Yesterday morning, I was casting about for a new blog topic. As I scanned through notes and old files on my hard drive, I came across a piece I wrote 18 months ago and then forgot about. It was a meditation on the life of a well-loved local drag queen, Bianca Page, written on the day her death was announced.

Two weeks later, I wrote a post about regrets over lost time and lost opportunities – feelings many of us who come out late have to confront – and  I talked about Bianca within that context.What I wrote on the day of her death was about something else: wearing masks, and being clear – with both ourselves and others – about who we are.

As I re-read this piece, it sounded relevant to our lives as late bloomers, and despite the passage of 18 months, still fresh. So I present it below, and pause a moment to remember and thank Miss Bianca.


R.I.P. Miss Bianca Paige

Nashville’s arts/performance/gay communities – populous as befits a city of 1.5 million people, but interlocked as befits the small-town way we do things here – are abuzz today with news of the death of Mark Middleton, aka Miss Bianca Page, The Pantomime Rage. Bianca was a fixture on the local and regional drag stage for more than 20 years.

A Paducah, KY boy who came to the big city to become a star, her costumes and performances were extravagant. Her gravelly voice, which I got to hear only once, the single time I saw her perform, was utterly unforgettable – like a Brooklyn cabbie from an old movie crossed with Barney Fife. She was a tireless fund-raiser for AIDS-related causes. And her on-stage patter was hilarious. It’s no wonder she had a lot of fans.

Bianca died at 45 of an “undisclosed illness.” Possibly cancer – she was a heavy smoker – or maybe it was AIDS. Doesn’t matter much – death certainly came before its time. And she was broke. A benefit is being staged to help with her final expenses.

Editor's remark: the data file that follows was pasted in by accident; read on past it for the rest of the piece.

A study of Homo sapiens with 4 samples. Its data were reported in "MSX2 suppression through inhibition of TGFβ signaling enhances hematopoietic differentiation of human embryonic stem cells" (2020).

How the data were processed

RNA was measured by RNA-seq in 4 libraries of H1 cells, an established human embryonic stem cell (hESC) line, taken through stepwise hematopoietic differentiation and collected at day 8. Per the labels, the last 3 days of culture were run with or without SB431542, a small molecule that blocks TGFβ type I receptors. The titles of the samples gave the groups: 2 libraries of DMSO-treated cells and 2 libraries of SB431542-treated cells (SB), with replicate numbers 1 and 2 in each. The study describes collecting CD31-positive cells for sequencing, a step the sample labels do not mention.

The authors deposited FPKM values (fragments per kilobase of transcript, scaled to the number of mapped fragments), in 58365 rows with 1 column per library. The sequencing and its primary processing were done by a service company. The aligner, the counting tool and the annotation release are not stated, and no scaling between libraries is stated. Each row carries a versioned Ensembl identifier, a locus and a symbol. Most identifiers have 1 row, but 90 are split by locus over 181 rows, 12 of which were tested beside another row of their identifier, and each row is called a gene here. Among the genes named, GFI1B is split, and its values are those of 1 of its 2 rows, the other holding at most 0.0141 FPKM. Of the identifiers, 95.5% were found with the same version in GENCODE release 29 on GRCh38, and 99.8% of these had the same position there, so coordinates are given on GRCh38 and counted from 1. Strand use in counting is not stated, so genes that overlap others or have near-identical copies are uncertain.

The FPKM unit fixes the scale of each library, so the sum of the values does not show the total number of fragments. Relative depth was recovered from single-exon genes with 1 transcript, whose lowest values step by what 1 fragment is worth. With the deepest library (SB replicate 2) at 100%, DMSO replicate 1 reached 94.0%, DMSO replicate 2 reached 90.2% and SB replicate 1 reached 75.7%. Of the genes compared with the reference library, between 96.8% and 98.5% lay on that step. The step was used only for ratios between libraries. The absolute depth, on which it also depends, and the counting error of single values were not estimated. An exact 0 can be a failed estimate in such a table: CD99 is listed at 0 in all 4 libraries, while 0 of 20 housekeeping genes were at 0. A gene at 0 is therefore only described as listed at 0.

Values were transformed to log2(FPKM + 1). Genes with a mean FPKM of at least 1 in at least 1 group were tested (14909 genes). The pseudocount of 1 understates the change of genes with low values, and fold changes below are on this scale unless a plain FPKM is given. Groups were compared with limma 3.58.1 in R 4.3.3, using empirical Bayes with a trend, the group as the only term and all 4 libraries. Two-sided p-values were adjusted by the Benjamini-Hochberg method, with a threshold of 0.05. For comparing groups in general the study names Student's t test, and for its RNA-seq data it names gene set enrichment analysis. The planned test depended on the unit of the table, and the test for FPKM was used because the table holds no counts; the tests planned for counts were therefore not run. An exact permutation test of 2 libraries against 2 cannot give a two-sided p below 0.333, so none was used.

There are a great many folks around these parts who are deeply saddened by this news.

And I’m saddened too, but not so much from a sense of personal loss. I didn’t know Bianca, and I’m not a big drag fan. It makes me sad because hers seems like such an unreal, self-destructive way to live a life.

Does this sound judgmental? I don’t mean it to.

I’m not thinking about the smoking, or any other element of an “unhealthy” lifestyle. I’m using the term self-destructive in the sense of losing one’s self, submerging one’s identity into someone or something other.

As a veteran of more than 25 years in the marketing business, I have to admire Bianca’s masterly job of branding and ongoing brand management. I refer to this person as Miss Bianca, not as Mark Middleton, because that’s who she was.

Or was she? And what was it about Mark Middleton that needed to be hidden or obliterated? Is this true of all drag performance? Is this why I’m not a fan?

As a recently emerged gay man, I’m no stranger to the practice of wearing masks. All human beings do it to some degree. But my experience, in personal life as well as in commerce, teaches me that the more honest a brand is, the better and stronger it is.

And yet …

Maybe Bianca was the real person, and Mark was the fake. I don’t have an answer for that. And, sadly, the only person who did, died this morning, well before her time.

So, I take this puzzle as a challenge to be true to who I am, both within myself and in public. To get as clear as I can about who I am, to understand myself as a work in progress, and to continue the process as long as I live.

On Bianca Page, I make no judgment. And I am saddened. Rest in peace, Miss Bianca. My condolences to your family and to your many friends and fans. This is, indeed, a sad day here in Nashvegas.

2 Comments leave one →
  1. 01/30/2012 12:15 PM

    Great post. I was fortunate enough to see Bianca Page perform on many occassions and also had opportunities to speak with Mark about fundraising ideas.

    I, too, have never embraced the “world of drag”. But I most certainly did embrace the work that Bianca Page did on behalf of the community regardless of her motivation.

    • 01/30/2012 3:19 PM

      You have to admire her for working to make the world around her – and us – a better place. We use the talents God gives us. Or we don’t. She chose to use what she had – a good and admirable thing.